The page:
The Ugwuaji-Awkunanaw Community in Enugu South Council has asked the Economic and Financial Crimes Commission (EFCC) to investigate an alleged conversion and acquisition of its ancestral land by a private developer, the Coal City Eastern Extension Alliance Limited, without negotiation and consent.
It stated that a thorough investigation into how the company acquired the layouts would maintain economic sanity within the state.
In a petition to the anti-graft agency, made available to The Guardian in Enugu at the weekend, the community, under the auspices of Coalition of Ugwuaji Progressives (CUP), stated that the lands, which included Umunnugwu/Ndiaga layout, Valley layout and Promise layout legitimately belong to them and part of their ancestral heritage, adding that they were duly registered with the state Ministry of Lands and Urban Development.
The petition, signed by the coalition’s counsel, Obinna Ugwu, stated that, further to the registration and in exercise of their rights over the said layouts, the community had assigned, by way of sale, some parts of the layouts to some members of the public for residential purposes, while some were to be developed in conjunction with Titianium Projects and Steel Resources.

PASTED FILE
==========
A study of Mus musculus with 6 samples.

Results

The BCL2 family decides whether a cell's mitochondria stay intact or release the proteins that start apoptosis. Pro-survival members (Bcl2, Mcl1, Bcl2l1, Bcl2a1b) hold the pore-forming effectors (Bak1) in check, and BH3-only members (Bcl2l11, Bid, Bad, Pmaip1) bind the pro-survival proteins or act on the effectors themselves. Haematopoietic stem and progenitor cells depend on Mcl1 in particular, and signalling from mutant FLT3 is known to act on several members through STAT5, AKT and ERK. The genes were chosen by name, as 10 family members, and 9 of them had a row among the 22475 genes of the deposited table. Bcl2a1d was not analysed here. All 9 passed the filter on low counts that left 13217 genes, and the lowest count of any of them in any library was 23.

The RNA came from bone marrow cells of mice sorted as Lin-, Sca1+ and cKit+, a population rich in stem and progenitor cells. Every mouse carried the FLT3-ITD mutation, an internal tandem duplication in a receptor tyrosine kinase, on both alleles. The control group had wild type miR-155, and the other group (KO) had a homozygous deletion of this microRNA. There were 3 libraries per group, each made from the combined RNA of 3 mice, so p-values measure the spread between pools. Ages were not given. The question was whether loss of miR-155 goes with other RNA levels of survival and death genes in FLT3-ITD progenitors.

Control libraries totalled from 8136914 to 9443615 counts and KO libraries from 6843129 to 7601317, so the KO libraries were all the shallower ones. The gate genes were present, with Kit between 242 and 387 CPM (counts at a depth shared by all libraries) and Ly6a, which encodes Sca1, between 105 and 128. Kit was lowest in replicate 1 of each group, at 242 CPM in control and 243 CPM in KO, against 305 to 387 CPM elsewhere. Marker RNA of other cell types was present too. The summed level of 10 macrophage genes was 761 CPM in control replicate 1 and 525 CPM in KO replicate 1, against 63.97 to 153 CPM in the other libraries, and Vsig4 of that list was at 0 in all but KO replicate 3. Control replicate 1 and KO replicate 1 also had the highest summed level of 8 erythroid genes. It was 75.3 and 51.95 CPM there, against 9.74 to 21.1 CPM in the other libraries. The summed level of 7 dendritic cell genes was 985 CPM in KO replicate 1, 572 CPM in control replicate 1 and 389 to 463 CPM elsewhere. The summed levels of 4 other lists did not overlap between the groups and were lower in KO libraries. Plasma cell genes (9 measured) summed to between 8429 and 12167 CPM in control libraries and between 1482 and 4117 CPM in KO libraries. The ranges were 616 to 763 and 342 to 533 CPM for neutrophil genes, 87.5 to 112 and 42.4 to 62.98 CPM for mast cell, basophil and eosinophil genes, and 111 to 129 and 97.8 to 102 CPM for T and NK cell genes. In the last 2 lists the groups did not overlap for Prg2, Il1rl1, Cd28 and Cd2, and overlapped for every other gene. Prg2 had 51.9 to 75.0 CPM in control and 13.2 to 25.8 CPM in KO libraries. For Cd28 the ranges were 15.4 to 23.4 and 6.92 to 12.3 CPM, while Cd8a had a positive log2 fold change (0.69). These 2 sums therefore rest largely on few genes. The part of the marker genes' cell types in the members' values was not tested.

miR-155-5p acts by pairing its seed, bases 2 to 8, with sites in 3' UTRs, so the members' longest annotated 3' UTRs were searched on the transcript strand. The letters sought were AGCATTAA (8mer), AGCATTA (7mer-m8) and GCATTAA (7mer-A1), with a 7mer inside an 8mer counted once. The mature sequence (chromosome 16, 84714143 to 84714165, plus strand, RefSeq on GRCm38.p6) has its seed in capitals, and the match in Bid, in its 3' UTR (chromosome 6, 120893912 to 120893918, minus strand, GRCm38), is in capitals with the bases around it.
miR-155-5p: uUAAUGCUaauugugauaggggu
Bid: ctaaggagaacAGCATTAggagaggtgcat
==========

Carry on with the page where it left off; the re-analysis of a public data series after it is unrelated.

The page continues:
“However, while the members of the public, who bought into these layouts, were developing their portions as assigned to them, while our clients, on the other part, was also developing the remaining portions of the layouts, the Ministry of Housing, regardless of the advanced stages of development of the properties, moved in and commenced massive demolition of structures without notice or compensation.
“The demolition gave rise to public outcry, leading to supposed investigation by a panel of inquiry set up by the government of the state. It was during the pendency of the panel’s supposed investigation that the state Ministry of Lands and Urban Development issued a publication, notifying the general public of acquisition of the layouts by government of Enugu and named it, ‘Coal Estate Extension Layout/Estate,’ without awaiting the outcome of the inquiry by the panel set up by the same state government,” he stated.
Meanwhile, an official of the company, who would not want to be quoted, told The Guardian: “The acquisition followed due process.”